Author Topic: China’s Currency Moves Escalate Trade War, Rattling Markets  (Read 2451 times)

Offline Johnnie F.


The escalation shook world markets as nervous investors looked for safe places to park their money. Wall Street suffered its worst day of the year, with the S&P 500 closing down nearly 3 percent. Selling was especially heavy in the trade-sensitive technology, consumer discretionary and industrial sectors.

Yields on United States Treasuries, which fall as prices rise, dropped as investors sought safety in government-backed bonds. Benchmark indexes in Asia and Europe also fell. The sell-off looked poised to continue into Tuesday, as Asian markets slumped again and futures markets predicted a glum Wall Street opening.

On Sunday, the People’s Bank of China, that country’s central bank, took steps to limit the impact of Mr. Trump’s next round of tariffs by letting its currency weaken past the psychologically important point of 7 renminbi to the American dollar for the first time in more than a decade.

A weaker currency can make goods cheaper to sell abroad, allowing businesses and consumers to help offset the additional tariffs Mr. Trump plans to impose on Sept. 1. It also harms American exporters that are trying to compete with China.

Chinese officials said the move came in response to market forces, which have reacted to Mr. Trump’s tariff threats by pushing the value of the currency down. In an unusually blunt statement, the central bank put the blame for the currency fall on Mr. Trump’s “unilateralism and trade protectionism measures and the imposition of increased tariffs on China.”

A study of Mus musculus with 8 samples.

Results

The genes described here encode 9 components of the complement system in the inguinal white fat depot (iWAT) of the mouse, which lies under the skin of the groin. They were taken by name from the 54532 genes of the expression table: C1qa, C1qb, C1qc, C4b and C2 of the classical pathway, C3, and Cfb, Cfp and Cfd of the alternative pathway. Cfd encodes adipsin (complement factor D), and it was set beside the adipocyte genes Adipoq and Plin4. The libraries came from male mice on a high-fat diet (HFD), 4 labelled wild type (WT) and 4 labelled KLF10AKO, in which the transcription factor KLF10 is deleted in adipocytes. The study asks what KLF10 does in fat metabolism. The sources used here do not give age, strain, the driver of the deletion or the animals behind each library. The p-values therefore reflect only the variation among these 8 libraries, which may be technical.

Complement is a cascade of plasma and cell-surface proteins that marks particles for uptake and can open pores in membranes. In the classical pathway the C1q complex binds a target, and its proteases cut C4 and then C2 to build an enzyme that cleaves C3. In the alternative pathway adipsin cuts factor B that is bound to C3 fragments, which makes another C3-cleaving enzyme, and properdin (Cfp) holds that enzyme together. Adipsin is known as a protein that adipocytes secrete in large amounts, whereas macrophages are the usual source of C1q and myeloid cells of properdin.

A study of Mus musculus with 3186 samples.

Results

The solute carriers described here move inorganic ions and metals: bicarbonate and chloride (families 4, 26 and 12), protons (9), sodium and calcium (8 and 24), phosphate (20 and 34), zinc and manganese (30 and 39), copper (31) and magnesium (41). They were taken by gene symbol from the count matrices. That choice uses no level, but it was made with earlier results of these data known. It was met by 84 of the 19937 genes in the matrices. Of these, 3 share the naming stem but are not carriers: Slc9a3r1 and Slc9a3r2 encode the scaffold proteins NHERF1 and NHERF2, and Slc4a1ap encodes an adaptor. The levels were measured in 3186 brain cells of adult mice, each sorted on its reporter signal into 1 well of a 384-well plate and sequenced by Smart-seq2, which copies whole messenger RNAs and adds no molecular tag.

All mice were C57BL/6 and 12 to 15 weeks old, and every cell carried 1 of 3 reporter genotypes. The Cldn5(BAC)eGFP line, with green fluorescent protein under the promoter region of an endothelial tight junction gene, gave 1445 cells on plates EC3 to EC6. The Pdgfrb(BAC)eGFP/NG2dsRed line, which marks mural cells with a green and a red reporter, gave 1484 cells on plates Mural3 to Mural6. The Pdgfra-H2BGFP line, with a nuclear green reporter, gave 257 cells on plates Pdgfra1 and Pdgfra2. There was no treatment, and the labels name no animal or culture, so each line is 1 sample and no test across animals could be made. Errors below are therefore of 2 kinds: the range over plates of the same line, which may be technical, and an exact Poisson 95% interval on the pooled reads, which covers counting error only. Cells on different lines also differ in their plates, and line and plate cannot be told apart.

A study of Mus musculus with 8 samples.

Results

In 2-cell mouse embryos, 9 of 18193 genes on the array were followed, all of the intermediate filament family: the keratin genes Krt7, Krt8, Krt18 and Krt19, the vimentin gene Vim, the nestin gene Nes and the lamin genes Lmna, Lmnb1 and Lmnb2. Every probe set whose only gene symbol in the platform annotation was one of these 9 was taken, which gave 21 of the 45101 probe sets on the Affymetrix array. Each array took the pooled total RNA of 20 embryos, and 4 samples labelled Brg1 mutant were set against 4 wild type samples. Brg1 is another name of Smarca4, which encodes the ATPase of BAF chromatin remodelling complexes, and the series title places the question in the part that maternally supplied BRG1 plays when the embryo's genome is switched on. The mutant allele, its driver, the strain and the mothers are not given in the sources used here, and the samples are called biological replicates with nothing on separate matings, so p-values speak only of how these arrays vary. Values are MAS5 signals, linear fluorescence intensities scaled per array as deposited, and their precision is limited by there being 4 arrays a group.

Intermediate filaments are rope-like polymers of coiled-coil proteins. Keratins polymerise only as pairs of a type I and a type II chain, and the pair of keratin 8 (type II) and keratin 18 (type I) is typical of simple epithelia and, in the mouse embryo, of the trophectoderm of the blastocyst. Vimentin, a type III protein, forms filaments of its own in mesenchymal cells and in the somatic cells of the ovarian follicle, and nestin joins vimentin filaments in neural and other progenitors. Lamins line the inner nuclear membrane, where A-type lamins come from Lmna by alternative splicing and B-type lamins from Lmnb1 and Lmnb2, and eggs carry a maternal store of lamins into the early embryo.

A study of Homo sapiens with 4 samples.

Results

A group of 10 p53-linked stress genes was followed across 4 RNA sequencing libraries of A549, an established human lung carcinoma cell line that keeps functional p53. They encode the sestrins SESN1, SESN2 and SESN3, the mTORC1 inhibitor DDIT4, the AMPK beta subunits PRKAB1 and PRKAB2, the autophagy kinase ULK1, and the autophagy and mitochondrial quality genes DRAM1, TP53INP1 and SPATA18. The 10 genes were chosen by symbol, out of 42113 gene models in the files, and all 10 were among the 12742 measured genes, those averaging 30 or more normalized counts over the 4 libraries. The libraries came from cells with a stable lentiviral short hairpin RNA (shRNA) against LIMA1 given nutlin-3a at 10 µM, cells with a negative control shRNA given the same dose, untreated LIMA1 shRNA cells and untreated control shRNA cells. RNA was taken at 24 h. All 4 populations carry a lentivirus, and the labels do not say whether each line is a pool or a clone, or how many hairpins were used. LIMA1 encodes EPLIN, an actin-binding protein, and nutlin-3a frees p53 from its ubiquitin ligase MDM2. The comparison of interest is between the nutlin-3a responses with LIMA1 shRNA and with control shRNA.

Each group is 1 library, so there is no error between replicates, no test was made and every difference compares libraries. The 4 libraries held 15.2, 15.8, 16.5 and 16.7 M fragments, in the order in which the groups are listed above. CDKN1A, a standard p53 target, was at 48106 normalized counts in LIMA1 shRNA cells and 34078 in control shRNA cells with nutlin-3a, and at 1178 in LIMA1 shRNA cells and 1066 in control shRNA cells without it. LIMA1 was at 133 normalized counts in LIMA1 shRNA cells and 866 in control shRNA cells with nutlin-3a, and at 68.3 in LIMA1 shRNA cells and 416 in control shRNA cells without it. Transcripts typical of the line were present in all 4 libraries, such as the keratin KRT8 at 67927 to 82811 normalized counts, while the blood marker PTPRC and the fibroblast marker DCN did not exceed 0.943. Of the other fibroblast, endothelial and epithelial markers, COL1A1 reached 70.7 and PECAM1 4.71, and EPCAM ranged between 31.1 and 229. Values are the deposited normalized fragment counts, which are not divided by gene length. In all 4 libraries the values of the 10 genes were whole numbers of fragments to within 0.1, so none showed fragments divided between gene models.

Chinese enterprises also halted new purchases of American agricultural goods in response to Mr. Trump’s decision to impose more tariffs. China’s state-run Xinhua News Agency called the president’s move a “serious violation” of an agreement reached in June with President Xi Jinping of China.

Late Monday, the Treasury took the unusual step of labeling China a currency manipulator — the first time it has done so since 1994. In a statement, the Treasury said that Steven Mnuchin, the Treasury secretary, “will engage with the International Monetary Fund to eliminate the unfair competitive advantage created by China’s latest actions.”

The action is mostly symbolic, requiring the administration to consult with the International Monetary Fund to try to eliminate the unfair advantage the currency measures have given a country. But China is likely to view the label as a rebuke, further escalating pressures between the countries.

New York Times

The impact upon us expats in Thailand? The Euro did some jumps up in its rates to Thai Baht and US Dollar, the British Pound to the Thai Baht regained a little but still remained about as miserable and the US Dollar to the Thai Baht went on a steady low, is continuing in the slump.